Catherine Lawson's guidebook for policymakers will aid more intelligent transportation planning and regulations involving freight traffic.

ALBANY, N.Y. (November 30, 2016) — It is hard to find any other component of the transportation system that is more varied and that involves more interacting parties than America’s freight system. Yet this complex organism, pervasive in modern life, is rarely studied, even though intelligent transportation planning and regulations involving freight traffic cannot be accomplished otherwise.

Urban transportation expert Catherine Lawson is a key part of a new research effort to fill this knowledge gap. Her National Cooperative Freight Research Program (NCFRP) project, conducted with her RPI colleague Professor Jose Holguin-Veras and other RPI research team members, has produced a guidebook for policymakers that allows assessment of the various facets of the Freight and Service Activity that take place in urban and metropolitan areas. It has just been released as a pre-publication by the National Academy of Sciences.

The guidebook gives policymakers improved establishment-level models that estimate:

  • Freight Trip Generation, the number of vehicle trips produced and attracted at a given establishment
  • Freight Production, the amount of cargo produced by the establishment, and
  • Service Trip Attraction, the number of vehicle trips that arrive at the establishment to perform a service activity.

The models will allow transportation practitioners to conduct sound “curb-management” —. the use of curb space involving vehicle parking and loading, bicycle parking, and passenger drop-off — be able to properly size loading and unloading areas, support traffic-impact analyses, and generally improve transportation planning and management, said Lawson.

NCFRP’s work required study of all the underlying supply chains (including business records) that satisfy the needs of the production-consumption links which comprise the production and distribution process. That information necessitated Lawson and her team be given special access to federal government databanks.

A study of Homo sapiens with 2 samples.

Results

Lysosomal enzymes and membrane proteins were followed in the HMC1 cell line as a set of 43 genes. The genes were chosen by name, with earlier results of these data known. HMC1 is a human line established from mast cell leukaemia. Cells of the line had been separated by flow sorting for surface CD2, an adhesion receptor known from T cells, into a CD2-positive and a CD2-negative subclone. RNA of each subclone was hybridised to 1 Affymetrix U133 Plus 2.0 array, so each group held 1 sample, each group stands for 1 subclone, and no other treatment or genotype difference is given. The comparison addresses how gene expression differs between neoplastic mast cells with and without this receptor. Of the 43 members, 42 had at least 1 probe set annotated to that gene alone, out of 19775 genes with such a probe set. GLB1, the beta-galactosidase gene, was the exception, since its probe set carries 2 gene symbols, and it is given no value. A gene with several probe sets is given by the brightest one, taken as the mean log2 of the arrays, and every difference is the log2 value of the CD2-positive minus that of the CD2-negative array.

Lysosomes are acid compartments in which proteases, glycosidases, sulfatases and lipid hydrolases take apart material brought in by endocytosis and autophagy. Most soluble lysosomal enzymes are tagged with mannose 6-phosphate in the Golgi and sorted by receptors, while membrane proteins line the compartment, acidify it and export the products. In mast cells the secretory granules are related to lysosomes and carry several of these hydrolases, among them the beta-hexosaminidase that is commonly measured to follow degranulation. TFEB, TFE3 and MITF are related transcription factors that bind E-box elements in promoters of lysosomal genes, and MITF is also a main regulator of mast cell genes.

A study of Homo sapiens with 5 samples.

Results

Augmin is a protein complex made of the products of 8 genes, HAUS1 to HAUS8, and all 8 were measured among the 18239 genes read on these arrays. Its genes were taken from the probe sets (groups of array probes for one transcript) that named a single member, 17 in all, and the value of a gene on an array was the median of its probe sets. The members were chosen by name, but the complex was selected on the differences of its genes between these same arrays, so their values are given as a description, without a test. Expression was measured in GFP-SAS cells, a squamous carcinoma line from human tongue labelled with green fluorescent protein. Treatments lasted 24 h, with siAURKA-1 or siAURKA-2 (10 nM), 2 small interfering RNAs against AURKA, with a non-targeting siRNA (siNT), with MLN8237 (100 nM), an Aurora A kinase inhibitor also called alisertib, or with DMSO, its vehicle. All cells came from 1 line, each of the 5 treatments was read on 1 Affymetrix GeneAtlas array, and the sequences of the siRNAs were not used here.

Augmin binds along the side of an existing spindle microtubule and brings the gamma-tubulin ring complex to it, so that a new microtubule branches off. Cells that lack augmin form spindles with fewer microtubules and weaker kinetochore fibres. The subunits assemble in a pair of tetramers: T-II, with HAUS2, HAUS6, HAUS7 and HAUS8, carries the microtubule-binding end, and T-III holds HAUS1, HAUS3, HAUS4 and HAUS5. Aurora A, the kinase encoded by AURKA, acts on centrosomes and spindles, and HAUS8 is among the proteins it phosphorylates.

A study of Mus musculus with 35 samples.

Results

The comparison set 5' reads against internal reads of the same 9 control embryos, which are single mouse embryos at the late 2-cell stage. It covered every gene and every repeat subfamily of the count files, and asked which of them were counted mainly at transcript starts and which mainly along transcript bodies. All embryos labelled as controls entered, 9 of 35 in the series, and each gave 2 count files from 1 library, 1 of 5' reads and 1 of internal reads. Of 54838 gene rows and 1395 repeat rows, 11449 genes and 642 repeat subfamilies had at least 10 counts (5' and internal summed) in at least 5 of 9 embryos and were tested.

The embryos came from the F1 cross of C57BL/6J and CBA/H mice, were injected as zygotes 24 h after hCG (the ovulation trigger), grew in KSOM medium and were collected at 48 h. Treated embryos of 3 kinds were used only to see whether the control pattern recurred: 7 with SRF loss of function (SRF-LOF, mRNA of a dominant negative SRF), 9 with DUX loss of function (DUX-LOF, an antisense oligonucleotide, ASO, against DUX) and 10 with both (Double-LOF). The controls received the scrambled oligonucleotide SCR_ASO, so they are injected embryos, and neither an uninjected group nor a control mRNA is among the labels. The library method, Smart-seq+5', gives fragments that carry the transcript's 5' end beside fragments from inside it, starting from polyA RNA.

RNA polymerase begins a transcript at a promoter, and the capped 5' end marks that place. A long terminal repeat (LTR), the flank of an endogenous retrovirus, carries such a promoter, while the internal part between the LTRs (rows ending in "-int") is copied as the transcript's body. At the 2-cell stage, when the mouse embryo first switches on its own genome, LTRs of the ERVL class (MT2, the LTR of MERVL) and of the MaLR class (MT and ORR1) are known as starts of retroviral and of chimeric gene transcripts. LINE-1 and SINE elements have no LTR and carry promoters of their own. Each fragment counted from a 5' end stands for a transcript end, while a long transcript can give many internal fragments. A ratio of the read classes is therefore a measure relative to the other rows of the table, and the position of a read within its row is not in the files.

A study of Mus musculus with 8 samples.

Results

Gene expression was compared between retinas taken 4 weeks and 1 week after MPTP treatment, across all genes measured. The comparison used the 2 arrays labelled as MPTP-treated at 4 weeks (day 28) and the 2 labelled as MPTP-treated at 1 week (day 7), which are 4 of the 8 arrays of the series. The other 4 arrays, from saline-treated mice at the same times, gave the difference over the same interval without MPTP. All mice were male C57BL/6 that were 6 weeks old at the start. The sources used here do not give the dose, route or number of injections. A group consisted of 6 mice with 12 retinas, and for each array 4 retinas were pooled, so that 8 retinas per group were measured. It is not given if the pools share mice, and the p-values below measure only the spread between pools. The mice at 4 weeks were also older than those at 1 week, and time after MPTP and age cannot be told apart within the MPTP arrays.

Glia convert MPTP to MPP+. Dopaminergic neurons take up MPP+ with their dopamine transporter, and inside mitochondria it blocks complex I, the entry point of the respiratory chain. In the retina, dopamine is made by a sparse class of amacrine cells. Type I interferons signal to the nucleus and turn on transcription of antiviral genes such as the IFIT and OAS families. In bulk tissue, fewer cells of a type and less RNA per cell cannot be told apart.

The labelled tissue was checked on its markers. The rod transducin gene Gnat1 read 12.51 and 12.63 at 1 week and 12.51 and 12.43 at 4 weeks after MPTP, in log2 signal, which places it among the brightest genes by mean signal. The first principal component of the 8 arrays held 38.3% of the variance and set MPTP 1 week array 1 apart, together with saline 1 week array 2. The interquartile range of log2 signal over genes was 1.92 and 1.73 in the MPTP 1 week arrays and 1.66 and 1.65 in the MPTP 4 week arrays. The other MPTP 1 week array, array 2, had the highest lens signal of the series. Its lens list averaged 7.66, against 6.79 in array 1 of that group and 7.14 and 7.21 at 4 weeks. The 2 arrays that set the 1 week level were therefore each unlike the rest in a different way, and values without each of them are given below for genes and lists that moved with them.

“This research required all of the participants to obtain and maintain sworn status with the Census Bureau and the IRS,” said Lawson. “We needed to commingle raw microdata from the Commodity Flow Survey, which produces extensive data on the movement of goods in the United States, and IRS employer records — something that has never been done before with these datasets.”

The work was conducted in a secure facility at the New York Federal Statistical Research Data Center Baruch Center for Economic Studies in the U.S. Census Bureau Office in New York City. Lawson and her team were able to use the facility through a special “seat” paid for by UAlbany’s Division for Research.

The resulting NCFRP report, “Using Commodity Flow Survey Microdata and Other Establishment Data to Estimate the Generation of Freight, Freight Trips, and Service Trips,” provides improved freight trip generation rates, or equivalent metrics, for different land use characteristics related to freight facilities and commercial operations. These will now better inform state and local decision-making.

Lawson is associate professor and chair in Geography and Planning, and director of both the Lewis Mumford Center and the Albany Visualization and Informatics Lab. She is featured in a profile in the September-October issue of TR News, the lead publication of the National Academy of Sciences’ Transportation Research Board.